Less than a year after JD Sports went on an “extensive global search process” to find a new chief executive, Régis Schultz has broken the mould and taken the business to new heights after stepping into Peter Cowgill’s trainers.
JD Sports posted record sales of £10bn this week, despite the macroeconomic and customer headwinds battering an incredibly competitive market.
The retailer’s organic sales grew 12% as new boss Schultz reiterated JD’s triple double-digit growth strategy focused on double-digit revenue growth, market share and operating margin on average per year.
Alongside delivering sales and profit growth and setting out a new strategy, JD Sports under Schultz has recovered from the Footasylum debacle to make fresh moves in the mergers and acquisitions space by adding Courir to its portfolio of retailers in Europe. He has brought the retailer’s governance structure into line for a business of its size and stature.
Rusell Pointon, director of consumer at Edison Group, says: “The strong performance from JD over the 12 months ending January 2023 demonstrates durability during what has been a trying financial climate. Throughout the year, higher operational costs and the cost-of-living crisis have threatened the fashion retail sector, yet these positive results from JD prove the company’s resilience against such testing economic circumstances.”
As Schultz makes JD Sports his own, he sets out his four main pillars to keep the brand powering ahead.
Profits above all
With over £10bn in sales, JD has had a record year in business with markets such as Europe and the US accounting for 30% of revenues each.
When JD expanded to international markets in 2018, over 70% of its revenue came from the UK. In just five years, JD has grown to be a “truly international business”, says Schultz, as it now is one of the leading retailers in the sports fashion space in the US, Australia and New Zealand.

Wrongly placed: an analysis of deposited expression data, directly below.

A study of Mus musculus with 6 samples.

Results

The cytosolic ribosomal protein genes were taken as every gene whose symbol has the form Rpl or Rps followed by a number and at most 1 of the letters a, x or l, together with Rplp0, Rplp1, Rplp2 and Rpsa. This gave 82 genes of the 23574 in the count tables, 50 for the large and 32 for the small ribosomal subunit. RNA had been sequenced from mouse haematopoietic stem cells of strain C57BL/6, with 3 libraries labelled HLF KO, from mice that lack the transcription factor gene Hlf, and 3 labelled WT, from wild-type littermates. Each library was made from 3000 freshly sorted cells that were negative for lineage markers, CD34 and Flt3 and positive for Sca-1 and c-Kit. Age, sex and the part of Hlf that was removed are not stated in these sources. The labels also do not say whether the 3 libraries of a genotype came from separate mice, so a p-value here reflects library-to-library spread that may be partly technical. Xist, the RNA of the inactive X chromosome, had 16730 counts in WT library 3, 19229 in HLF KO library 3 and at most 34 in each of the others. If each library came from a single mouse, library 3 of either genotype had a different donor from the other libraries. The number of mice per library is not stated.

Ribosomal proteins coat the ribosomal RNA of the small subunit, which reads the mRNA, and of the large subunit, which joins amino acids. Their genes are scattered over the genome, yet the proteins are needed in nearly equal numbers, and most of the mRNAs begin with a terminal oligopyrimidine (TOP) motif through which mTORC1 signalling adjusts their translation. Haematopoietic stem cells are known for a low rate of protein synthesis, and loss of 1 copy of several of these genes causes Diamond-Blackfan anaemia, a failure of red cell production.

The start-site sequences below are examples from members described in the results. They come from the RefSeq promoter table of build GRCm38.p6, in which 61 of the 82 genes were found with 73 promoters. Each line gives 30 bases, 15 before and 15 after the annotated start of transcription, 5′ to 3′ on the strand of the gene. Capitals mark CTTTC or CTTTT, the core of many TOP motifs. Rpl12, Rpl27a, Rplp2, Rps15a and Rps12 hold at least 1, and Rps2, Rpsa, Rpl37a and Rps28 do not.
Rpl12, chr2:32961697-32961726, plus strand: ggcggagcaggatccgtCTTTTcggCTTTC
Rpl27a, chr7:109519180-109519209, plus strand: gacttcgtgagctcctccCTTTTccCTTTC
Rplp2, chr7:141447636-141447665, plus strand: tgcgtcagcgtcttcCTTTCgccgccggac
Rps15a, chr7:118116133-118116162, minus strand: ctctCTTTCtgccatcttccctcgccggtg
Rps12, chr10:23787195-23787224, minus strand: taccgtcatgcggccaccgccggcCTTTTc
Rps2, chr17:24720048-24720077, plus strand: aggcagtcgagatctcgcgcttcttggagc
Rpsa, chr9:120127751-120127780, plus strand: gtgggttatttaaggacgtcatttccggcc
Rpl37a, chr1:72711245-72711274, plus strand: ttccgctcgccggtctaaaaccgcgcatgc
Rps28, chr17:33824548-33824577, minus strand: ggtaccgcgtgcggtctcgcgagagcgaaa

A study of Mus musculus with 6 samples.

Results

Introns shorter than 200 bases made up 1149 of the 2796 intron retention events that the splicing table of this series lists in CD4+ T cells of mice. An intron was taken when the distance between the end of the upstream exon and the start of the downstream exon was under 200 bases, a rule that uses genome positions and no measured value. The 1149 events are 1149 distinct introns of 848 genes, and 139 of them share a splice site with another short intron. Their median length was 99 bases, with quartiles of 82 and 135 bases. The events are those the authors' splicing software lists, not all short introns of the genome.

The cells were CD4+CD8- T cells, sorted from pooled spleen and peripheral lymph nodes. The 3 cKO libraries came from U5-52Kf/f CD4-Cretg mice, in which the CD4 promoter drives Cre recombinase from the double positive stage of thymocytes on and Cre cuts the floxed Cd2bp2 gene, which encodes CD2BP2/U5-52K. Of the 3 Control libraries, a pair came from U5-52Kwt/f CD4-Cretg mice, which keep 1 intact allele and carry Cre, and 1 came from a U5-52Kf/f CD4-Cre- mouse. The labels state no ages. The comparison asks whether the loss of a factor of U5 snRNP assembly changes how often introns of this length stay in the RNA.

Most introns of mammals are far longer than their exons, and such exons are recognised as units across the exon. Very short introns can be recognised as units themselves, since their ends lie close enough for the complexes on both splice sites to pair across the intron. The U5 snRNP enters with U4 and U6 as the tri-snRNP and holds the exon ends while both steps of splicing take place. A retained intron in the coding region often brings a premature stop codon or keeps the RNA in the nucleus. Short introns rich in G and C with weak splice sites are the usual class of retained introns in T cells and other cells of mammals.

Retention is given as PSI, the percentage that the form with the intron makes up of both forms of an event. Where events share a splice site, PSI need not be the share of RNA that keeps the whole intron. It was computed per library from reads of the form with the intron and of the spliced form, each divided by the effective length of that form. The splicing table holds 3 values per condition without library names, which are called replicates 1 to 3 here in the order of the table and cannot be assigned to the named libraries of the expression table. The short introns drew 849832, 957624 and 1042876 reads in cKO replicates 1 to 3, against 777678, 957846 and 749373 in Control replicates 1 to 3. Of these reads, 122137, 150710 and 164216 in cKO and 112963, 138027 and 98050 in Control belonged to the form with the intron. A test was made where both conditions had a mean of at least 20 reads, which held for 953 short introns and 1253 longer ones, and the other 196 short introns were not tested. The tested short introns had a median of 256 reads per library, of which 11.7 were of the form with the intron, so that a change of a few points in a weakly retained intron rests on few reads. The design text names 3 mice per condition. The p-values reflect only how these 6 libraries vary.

In the same period, JD’s online business grew – in stark contrast to other pureplay retailers as more and more customers took advantage of the retailer’s omnichannel proposition.
As a result, JD Sports is within touching distance of hitting £1bn profit next year – a number the majority of its competitors can only dream of.
Schultz says: “We stand just below the £1bn profit mark. I wanted to make sure that I have something to say next year, so we didn’t want to have everything in one year. We are at £991m in profits this year, which is in line with our target.”
For years, JD and Frasers Group were known as fierce rivals at the centre of the sports fashion industry in the UK. But with just 30% of JD’s revenue coming from the UK and the rest from global markets, Schultz says that perception needs to change.
“Sports Direct is not a competitor at all. They are a good UK business and we are a global business. In terms of global competition, our key competitor is Foot Locker. They have a global reach and are a £8bn turnover business and we are at £10bn, which means we are number one in the world.
“I love Michael Murray. We have a good relationship and I’m meeting him for breakfast tomorrow. We are such a different animal from Sports Direct, we cannot compare ourselves to them.”
Schultz said JD and Frasers have very different market segments with JD offering something between sports and fashion.
“We are more competing with Zara, H&M and Primark, I think. We bring something different to the market and that’s why we are successful.”
JD Sports went through rigorous changes internally over the span of a year as it aimed to fix a significant “governance deficit” in a listed business of JD’s size.
The most important of these governance issues was the separation between the roles of chair and chief executive, which were both previously held by Peter Cowgill.
JD split the role when it appointed Andrew Higginson and Schultz as chair and chief executive respectively, which has significantly helped the business, says Schultz.
“We have been getting on board a lot of new non-executives with a lot of Plc experience, which is helping us create the right environment for a company of our size. JD is now a £10bn business but it was managed like a £100m business, which is why we are focusing on bringing expertise in managing a business of this size, especially with a lot of our international business. I think that’s what has changed over the last 12 months.”
As JD Sports sets out on the path of global domination, it plans to open more than 100 stores in the US and Europe and continue its expansion in the UK to capture more of the fashion market, as well as break into parts of the world where it isn’t present today.
Schultz says the best way for JD to open new doors for business in Europe is through acquiring more smaller players like Courir.
“In Africa, the Middle East, Asia, and South east Asia, we are looking at a franchise model. We believe we should have an asset-light model to develop in these areas. We just signed a contract for the Middle East, where we will develop immediately through a franchise construct. We are looking to do the same in Africa, Asia and India, one at a time.”